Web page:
The FAIR School received an award for its social work partnership with local colleges and universities earlier this spring.
The grades 1–3 and 9–12 school in Downtown Minneapolis received the Bronze Star of Innovation award from the Minnesota Association of Secondary School Principals. It was one of 29 schools to receive an award and the only in the Minneapolis school district.
FAIR hosts students in master’s of social work programs, who work 15–20 hours a week at the school. The graduate students do everything from one-on-one counseling and crisis intervention to hosting social skills groups and academic coaching.
The school has 10 interns this year from five programs: Minnesota, Augsburg, St. Thomas/St. Kate’s, St. Cloud State and Metro State. The students receive school credit for their work but are not paid.
The program began in 2009 when licensed social worker Kayci Rush started working at FAIR. Rush had been part of a project at the University of Minnesota Medical School that used interns and decided to bring the model to FAIR.
“I think high school students can relate easier and faster to (graduate students),” she said. “Graduate students just seemed able to develop rapport with students much faster than typical staff.”
Rush said mental health issues have gotten dramatically worse since the Great Recession. She said she’s seeing more post-traumatic stress among kids born around 2008, 2009 and 2010, some of whom have already experienced prolonged periods of homelessness.
She said 42 percent of FAIR’s students in grades 9–12 are diagnosed with a mental health condition. About one-third of its high school students require special education services because of their mental health conditions, and eight percent are homeless at any one time, Rush said.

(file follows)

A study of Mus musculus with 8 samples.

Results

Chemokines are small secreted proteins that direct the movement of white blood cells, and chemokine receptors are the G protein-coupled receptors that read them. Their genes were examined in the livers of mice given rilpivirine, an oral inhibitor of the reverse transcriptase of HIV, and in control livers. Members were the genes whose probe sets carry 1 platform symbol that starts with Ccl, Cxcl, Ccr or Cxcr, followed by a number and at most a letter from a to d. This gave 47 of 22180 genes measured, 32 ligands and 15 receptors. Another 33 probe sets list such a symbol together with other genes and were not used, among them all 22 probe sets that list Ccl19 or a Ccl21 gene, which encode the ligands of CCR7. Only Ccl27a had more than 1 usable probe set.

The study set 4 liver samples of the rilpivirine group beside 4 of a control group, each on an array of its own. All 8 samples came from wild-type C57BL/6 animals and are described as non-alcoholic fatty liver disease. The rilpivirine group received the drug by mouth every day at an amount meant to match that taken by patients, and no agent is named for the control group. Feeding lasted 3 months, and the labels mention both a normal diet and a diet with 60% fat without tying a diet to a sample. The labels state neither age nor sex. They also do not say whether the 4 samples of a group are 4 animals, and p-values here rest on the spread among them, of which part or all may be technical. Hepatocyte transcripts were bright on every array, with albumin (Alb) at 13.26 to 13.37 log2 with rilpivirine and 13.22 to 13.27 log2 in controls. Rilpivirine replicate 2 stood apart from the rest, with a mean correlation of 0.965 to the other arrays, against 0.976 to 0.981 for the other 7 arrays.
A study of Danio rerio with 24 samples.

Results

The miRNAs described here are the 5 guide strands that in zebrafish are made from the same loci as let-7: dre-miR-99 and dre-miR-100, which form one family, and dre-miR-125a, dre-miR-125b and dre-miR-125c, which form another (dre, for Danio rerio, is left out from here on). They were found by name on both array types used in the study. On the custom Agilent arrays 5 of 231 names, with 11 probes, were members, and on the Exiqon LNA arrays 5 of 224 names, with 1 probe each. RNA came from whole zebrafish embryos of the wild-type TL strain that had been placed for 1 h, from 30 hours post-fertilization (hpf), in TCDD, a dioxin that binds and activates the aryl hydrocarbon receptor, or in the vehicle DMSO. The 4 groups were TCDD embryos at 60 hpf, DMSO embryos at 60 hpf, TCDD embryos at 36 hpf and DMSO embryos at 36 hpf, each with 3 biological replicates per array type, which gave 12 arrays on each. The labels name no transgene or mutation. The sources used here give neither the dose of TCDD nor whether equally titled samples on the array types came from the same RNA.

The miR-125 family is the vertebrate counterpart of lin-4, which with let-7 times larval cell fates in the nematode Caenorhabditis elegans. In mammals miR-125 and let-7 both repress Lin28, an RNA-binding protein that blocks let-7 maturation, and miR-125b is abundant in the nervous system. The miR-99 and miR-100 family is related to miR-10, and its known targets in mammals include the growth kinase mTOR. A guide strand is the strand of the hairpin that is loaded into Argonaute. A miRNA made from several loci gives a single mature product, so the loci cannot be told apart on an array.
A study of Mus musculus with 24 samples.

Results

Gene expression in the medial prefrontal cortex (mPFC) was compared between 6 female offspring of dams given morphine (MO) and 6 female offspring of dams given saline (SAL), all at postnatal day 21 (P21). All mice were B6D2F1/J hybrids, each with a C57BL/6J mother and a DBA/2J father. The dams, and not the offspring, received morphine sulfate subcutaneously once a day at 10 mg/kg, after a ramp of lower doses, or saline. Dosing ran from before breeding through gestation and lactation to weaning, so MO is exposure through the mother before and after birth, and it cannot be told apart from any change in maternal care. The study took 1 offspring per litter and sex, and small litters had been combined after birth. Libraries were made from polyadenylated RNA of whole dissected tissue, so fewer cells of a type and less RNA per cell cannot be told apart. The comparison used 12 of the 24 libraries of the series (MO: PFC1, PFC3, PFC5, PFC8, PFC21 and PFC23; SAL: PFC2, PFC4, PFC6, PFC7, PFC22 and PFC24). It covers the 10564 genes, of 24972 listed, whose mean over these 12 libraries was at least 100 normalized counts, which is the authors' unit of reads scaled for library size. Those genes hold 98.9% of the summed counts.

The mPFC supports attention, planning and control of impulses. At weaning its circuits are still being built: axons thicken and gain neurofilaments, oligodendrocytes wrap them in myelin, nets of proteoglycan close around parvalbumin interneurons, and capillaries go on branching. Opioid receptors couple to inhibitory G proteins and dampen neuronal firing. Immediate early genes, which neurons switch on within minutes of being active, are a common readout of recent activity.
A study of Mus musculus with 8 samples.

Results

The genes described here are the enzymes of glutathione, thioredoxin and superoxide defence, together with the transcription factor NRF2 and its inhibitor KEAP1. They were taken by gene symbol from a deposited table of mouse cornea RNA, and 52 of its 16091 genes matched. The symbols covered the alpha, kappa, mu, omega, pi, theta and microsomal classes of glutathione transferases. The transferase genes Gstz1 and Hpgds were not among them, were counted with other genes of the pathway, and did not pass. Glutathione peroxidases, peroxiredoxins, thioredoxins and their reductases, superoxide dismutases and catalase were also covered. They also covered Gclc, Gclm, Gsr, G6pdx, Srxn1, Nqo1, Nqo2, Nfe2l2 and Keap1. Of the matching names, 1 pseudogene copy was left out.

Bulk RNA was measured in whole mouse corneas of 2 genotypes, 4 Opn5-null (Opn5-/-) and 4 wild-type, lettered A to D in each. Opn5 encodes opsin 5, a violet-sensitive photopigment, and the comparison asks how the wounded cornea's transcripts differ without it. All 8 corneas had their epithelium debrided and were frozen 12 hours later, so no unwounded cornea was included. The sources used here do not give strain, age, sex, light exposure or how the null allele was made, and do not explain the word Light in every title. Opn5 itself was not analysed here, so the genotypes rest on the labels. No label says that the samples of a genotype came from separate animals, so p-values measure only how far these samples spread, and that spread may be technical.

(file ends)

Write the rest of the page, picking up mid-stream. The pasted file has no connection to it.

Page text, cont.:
“You can’t do homework if you’re living in your car,” she said, adding that it’s extremely embarrassing for a high school student to be homeless.
The 10 interns provide the school with the equivalent of three full-time positions worth of work. It would cost the school $75,000 for a first-year social worker, Rush said, so the program effectively saves the school about $225,000 annually.
Minnesota Association of Secondary School Principals Executive Director Dave Adney said the FAIR program is innovative in the way it uses resources. He added that the program could be replicated in other districts.
Other award-winning programs this year included a career academy at Bemidji High School, a “wall of hope” at Virginia High School and a life-story project at Foston High School, Adney said.
Brianna Lamoso, a first-year graduate student in the University of Minnesota’s social work program, said she’s learned the value of seeing the same clients for a whole year by working at FAIR. “I’m learning I feel like a deeper picture of who they are,” she said.
Lamoso has a caseload of four high school students and four third-graders. She said it’s taken a while to gain the students’ trust and that she’s gained a greater appreciation for working in a school.
The FAIR School is hoping to add more therapeutic services such as a licensed social worker within the building, Rush said. It’s also aiming to get kids more support over the summer.